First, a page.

Superior oblique tendon incarceration syndrome.

Burton Kushner // Publications // Aug 01 2007

PubMed ID: 17698753

Author(s): Kushner BJ. Superior oblique tendon incarceration syndrome. Arch Ophthalmol. 2007 Aug;125(8):1070-6. PMID 17698753

Journal: Archives Of Ophthalmology (Chicago, Ill. : 1960), Volume 125, Issue 8, Aug 2007

OBJECTIVE To describe the clinical features, etiology, and management of superior oblique tendon incarceration syndrome.

METHODS This series consists of all patients I treated between September 15, 1974, and March 1, 2006, for restrictive hypertropia in which the superior oblique tendon was found scarred to the superior rectus muscle insertion after prior surgery.

RESULTS Twenty eyes in 18 patients were included in this series. The mean+/-SD hypertropia of the affected eye was 15.4+/-9.0 prism diopters, and the mean+/-SD incyclotropia was 15.0 degrees+/-3.5 degrees. Causes of superior oblique tendon incarceration syndrome included prior superior rectus muscle resection, recession, plication, or transposition; superior oblique tendon recession, disinsertion, or posterior tenectomy; and scleral buckling surgery. The syndrome was difficult to treat and required a mean+/-SD of 1.9+/-0.7 additional surgical procedures to correct.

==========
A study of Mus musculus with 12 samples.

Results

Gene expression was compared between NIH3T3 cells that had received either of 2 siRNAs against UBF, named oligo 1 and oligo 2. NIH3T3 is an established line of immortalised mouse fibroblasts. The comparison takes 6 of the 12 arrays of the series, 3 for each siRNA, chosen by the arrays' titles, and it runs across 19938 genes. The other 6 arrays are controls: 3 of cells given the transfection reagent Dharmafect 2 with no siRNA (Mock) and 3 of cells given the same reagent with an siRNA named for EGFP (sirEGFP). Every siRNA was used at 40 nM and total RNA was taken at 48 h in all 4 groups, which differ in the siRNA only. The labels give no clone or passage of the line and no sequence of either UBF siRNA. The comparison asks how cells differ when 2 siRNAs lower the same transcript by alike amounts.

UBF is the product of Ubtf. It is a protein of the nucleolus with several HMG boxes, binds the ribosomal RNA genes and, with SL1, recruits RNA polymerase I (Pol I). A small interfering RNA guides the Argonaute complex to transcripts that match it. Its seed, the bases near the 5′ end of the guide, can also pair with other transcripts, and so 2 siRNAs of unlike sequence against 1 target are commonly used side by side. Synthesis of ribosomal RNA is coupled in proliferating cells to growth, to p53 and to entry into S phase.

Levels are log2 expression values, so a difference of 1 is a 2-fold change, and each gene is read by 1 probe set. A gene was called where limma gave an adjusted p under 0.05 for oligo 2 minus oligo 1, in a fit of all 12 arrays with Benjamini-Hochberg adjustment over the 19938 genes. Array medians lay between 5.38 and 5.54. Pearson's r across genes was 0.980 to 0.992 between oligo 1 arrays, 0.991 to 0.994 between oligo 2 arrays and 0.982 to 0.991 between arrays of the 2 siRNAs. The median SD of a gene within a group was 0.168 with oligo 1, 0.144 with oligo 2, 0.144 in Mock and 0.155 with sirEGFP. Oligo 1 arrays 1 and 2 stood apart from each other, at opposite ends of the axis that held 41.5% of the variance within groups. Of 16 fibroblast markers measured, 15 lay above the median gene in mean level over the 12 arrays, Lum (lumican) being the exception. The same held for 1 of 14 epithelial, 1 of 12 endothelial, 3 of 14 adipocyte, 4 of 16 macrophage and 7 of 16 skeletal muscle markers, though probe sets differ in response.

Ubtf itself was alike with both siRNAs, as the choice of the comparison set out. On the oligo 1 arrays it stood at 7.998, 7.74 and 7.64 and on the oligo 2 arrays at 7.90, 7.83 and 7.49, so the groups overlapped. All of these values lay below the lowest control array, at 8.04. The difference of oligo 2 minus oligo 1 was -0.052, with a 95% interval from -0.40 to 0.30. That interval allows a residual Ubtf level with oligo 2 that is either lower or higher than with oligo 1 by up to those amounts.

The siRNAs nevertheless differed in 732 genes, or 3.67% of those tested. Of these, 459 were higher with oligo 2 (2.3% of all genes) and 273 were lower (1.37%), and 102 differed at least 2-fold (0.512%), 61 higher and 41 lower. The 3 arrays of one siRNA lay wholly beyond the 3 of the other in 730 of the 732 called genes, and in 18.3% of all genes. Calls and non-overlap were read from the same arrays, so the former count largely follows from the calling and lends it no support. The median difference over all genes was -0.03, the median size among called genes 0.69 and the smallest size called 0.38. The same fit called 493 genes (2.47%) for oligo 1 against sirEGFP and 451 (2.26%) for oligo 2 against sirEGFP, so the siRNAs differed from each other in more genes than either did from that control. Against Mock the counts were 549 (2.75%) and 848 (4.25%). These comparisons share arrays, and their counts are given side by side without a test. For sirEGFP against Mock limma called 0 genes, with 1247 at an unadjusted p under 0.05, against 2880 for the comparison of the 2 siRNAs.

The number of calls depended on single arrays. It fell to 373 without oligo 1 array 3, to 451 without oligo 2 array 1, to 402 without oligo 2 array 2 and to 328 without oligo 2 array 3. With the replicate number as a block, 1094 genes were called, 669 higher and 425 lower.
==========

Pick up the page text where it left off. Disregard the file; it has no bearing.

CONCLUSIONS Superior oblique tendon incarceration syndrome is a complication of surgery on the superior rectus muscle or superior oblique tendon that can result in restrictive hypertropia and incyclotropia. Proper handling of the connection between the superior oblique tendon and superior rectus muscle at the time of surgery may prevent this complication, which can be difficult to treat.